Tech start up wins industry award for Cheltenham Science Festival project

Tiny Giant Chelt Science Festival

Bristol creative start-up Tiny Giant have won a big industry award thanks to a collaboration with the Cheltenham Science Festival.

The team won won Gold in the Best Use Of AI category at the  2019 Data and Marketing Association Awards.

Inspired by the festival’s Head of Programming , Marieke Navin, and her ambition to create the world’s first AI science festival curator, the team combined machine learning, design, film and social media to bring AIDA to life.

AIDA featured at the Festival launch in an interview for BBC Radio Gloucestershire, wrote an introduction for the Science Festival brochure, appeared on film at the festival and also harnessed her neural network powers to create her own successful event entitled ‘Introvert Narwhals’.

Using 10 years of festival talks as a dataset, Tiny Giant used AI to generate hundreds of potential talks. But not any old AI: it trained a recurrent neural network named AIDA (after Ada Lovelace) to work its computational magic. Four of AIDA’s suggestons were selected by Marieke and her colleagues, and placed in a Twitter poll for the world to select a winner. As a result, Introvert Narwhals came out on top and subsequently became a much-discussed event at the festival.

But AIDA needed a personality and a striking look as she would appear next to her foreword in the festival guide, so Tiny Giant decided to bring the countess of computation into the 21st century with a Supreme-style top and a funky modern attitude. Trained on a science-rich dataset, her words flowed beautifully. They also made a movie about AIDA’s creation to inspire and engage the festival crowd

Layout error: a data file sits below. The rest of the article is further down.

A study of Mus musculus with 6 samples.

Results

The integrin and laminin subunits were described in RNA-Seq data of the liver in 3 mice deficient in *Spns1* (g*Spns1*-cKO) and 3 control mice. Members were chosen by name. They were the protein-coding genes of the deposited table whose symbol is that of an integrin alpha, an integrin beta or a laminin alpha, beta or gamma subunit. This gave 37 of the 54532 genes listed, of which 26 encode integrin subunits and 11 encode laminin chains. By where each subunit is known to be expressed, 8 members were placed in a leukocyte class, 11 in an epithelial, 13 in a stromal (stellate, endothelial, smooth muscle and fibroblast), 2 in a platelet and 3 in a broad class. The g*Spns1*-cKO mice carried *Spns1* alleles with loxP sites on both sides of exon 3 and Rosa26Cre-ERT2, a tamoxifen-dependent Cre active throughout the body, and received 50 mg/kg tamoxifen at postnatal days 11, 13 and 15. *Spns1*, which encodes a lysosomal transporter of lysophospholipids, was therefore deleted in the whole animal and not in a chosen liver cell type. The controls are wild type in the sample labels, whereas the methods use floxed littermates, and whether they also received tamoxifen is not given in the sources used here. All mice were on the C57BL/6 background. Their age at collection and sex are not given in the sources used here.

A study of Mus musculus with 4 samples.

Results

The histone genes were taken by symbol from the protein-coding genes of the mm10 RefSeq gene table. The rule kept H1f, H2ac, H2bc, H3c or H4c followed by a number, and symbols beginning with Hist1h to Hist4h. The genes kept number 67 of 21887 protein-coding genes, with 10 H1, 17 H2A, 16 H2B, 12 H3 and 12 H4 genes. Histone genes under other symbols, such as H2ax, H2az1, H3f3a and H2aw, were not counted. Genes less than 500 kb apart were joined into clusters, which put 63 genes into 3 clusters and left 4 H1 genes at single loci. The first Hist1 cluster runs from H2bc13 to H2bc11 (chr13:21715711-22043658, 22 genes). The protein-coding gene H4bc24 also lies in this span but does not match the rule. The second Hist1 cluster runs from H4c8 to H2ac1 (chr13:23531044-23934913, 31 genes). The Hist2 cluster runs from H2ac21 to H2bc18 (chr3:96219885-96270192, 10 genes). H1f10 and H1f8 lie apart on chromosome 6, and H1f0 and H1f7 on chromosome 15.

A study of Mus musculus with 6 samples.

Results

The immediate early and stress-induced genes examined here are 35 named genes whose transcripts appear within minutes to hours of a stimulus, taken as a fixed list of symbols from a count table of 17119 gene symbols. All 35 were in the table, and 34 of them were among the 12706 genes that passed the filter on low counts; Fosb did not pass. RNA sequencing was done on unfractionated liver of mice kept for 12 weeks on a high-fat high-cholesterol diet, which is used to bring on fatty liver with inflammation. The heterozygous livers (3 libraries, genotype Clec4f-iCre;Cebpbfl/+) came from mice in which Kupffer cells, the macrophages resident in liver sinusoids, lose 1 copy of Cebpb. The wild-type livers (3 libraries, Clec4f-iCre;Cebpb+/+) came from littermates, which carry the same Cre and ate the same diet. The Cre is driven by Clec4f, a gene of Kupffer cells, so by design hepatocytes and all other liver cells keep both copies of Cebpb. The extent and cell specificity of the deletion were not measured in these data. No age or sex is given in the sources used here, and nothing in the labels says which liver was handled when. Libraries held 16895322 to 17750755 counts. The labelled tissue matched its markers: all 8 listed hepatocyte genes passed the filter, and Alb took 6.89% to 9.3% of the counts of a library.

Marieke Navin said: “I couldn’t be more thrilled that Tiny Giant’s work has been recognised in this way. Cheltenham Science Festival is all about bringing science alive for people of all ages and walks of life. Tiny Giant took my crazy idea of an AI Festival Curator and brought her to life in a way that captured people’s imagination. We are planning to bring her back for next year’s Science Festival, too.”

Richard Norton, Tiny Giant co-founder said: “We were thrilled when Dr Navin invited us to get involved back in January. But to win such a huge industry award takes this story to the next level. “We believe AI can be part of any compelling narrative to excite and inspire people. AIDA shows this to be so. She proves that a great idea gets even better when humans and machines work together. This isn’t the future. It’s the now.”

Cheltenham Science Festival brings together people of all ages who are curious about the wonders of the everyday world, the mysteries of the universe and cutting-edge technology. The tented Festival village hosts hundreds of free family-friendly activities, while the UK’s science community gathers to share their latest ideas in thought-provoking and entertaining ways.

‘Be The Change’ is the theme for this year’s Festival. Over 300 scientists, thinkers, writers and young activists will explore major issues facing the world today and seek the common ground between passion and reason.